How to Convert Vapor Pressure to Concentration


    Write out the formula for the ideal gas law -- PV = nRT -- where P is the pressure, V is the volume, n is the number of moles, T is the temperature in degrees Kelvin and R is the universal gas constant. Moles is a measure of the amount of a substance. The universal gas constant is 0.0821 atm * liter/mole * K.

    Rearrange the formula to solve for concentration in moles per volume. PV = nRT becomes n / V = P / RT, or pressure divided by the product of the universal gas constant and temperature.

    Convert the temperature into degrees Kelvin. Degrees Kelvin is equal to degrees Celsius plus 273.15. For example, 25 degrees Celsius equals 298 degrees Kelvin.

    Convert pressure to atmospheres -- atm. For example, multiply the pressure in torrs by 0.001316 to find the pressure in atmospheres.

    Use the rearranged ideal gas law to determine the concentration. For example, with a temperature of 298 K and a pressure of 0.031 atm, the formula is 0.031 atm / (0.0821 atm * liter/mole * K) * (298 K). This is equal to 0.0013 mol/L, or moles per liter.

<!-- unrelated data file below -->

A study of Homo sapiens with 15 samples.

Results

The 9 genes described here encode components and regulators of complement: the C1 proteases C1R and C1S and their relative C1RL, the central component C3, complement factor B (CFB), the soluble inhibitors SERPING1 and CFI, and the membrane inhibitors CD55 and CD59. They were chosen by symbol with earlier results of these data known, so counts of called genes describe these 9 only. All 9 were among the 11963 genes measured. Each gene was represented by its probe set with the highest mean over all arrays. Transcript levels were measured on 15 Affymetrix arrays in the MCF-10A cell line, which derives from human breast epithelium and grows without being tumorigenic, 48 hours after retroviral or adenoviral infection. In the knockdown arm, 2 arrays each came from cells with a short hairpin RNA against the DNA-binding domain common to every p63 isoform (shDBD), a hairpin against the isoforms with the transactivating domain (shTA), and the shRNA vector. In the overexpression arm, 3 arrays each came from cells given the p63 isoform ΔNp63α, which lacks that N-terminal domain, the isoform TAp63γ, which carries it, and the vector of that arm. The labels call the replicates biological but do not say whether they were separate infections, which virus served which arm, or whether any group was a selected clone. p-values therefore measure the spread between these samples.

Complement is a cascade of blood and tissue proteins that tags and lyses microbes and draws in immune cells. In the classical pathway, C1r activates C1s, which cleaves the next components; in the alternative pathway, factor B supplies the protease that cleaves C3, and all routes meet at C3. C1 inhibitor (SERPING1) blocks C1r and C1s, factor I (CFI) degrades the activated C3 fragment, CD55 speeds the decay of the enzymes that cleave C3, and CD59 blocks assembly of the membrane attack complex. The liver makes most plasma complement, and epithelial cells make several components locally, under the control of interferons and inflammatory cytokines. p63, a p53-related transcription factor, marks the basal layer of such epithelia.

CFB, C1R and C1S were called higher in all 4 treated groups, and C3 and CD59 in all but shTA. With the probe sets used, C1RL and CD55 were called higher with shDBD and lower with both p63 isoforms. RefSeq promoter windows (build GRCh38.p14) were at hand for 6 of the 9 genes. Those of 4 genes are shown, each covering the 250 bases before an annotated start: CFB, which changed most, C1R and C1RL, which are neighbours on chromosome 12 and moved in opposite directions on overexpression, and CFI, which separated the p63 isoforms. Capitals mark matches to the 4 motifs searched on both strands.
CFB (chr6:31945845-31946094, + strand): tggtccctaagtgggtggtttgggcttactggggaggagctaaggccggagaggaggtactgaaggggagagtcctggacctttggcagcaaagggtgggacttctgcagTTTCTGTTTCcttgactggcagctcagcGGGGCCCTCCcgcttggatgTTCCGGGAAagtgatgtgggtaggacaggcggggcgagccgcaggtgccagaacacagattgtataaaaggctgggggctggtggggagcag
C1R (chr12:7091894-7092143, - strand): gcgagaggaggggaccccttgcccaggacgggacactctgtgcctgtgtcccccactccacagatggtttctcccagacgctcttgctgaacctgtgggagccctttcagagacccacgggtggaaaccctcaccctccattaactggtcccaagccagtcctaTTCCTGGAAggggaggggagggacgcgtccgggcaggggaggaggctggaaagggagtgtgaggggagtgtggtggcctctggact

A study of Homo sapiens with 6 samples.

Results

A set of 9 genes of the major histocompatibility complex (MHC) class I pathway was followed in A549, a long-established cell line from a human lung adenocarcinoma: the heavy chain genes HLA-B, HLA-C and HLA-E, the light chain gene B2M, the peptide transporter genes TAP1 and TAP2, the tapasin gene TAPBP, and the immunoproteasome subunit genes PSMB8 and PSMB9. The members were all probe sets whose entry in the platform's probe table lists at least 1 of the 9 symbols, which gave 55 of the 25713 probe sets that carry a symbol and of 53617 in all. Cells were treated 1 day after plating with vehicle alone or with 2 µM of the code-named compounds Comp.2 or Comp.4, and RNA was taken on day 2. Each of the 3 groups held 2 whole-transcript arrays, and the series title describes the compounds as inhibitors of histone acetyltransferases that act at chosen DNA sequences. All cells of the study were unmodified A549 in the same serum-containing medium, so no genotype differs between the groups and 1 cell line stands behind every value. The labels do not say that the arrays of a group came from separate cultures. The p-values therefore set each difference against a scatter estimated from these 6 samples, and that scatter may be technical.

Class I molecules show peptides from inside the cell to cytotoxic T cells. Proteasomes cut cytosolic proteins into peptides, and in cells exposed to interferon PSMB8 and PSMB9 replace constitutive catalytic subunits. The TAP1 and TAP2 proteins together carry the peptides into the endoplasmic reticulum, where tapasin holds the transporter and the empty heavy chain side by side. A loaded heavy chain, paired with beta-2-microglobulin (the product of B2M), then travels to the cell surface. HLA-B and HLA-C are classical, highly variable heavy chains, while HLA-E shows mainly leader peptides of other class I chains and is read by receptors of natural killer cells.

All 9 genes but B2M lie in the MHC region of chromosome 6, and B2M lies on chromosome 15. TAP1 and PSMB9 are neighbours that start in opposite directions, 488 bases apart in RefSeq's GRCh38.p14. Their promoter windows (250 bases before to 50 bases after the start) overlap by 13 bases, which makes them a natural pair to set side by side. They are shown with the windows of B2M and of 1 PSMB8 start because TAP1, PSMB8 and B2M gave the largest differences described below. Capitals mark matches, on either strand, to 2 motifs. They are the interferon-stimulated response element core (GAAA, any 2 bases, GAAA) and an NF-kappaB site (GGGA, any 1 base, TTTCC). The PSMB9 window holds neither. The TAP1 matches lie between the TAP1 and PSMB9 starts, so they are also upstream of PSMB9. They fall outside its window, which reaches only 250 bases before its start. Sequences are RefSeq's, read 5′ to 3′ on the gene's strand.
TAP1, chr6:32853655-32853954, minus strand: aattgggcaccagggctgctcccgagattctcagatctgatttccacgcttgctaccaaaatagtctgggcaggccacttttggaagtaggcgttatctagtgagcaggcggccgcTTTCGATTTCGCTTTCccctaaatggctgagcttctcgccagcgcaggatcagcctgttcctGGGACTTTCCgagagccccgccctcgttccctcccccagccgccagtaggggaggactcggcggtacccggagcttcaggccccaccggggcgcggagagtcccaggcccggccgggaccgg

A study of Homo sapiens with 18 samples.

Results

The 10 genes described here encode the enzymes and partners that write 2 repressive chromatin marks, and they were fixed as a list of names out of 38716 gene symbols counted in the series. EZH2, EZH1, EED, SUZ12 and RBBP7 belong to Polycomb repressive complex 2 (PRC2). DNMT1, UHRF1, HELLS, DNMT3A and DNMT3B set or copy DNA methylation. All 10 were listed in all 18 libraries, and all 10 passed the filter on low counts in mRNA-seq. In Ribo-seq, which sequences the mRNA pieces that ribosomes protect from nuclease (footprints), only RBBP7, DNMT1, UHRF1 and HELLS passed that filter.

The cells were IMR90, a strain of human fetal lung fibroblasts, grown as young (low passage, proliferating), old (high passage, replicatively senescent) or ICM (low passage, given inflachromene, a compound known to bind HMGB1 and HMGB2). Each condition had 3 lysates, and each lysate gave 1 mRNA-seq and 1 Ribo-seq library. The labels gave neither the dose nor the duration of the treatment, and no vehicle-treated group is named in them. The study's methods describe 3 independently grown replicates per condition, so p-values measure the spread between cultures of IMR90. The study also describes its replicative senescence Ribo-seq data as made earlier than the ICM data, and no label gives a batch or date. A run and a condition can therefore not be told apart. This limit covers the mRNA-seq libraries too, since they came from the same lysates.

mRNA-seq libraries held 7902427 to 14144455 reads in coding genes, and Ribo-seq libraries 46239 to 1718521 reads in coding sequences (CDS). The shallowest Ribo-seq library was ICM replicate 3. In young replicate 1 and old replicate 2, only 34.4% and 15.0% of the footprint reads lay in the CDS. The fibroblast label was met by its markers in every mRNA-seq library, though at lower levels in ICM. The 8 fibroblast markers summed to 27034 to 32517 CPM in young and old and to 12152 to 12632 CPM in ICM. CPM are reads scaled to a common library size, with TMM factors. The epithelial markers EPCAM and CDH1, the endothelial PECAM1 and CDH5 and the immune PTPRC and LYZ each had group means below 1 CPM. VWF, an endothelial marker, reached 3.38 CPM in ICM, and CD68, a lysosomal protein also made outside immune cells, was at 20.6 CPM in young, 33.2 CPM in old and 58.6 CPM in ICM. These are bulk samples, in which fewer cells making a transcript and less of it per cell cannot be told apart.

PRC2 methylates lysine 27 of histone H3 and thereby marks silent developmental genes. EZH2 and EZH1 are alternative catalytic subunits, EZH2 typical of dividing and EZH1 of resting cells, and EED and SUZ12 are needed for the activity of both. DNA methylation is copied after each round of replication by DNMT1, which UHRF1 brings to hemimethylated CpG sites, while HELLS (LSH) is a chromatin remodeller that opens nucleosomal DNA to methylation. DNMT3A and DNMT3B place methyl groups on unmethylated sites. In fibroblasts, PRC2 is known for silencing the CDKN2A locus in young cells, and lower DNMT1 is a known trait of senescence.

Tips

    • Work in stages and pay attention to the units of the measurements. When dealing with a mixture of gases above a liquid, the concentration of the gas is equal to the partial pressure of that gas.

References

About the Author

Now living in Portland, Ore., Shawn Radcliffe has written about science and health since 1998, including online and print content for Drexel University and Oregon Health & Science University. He holds bachelor's degrees in music, English and biology from the University of Pittsburgh, as well as a Master of Science in science education from Drexel University.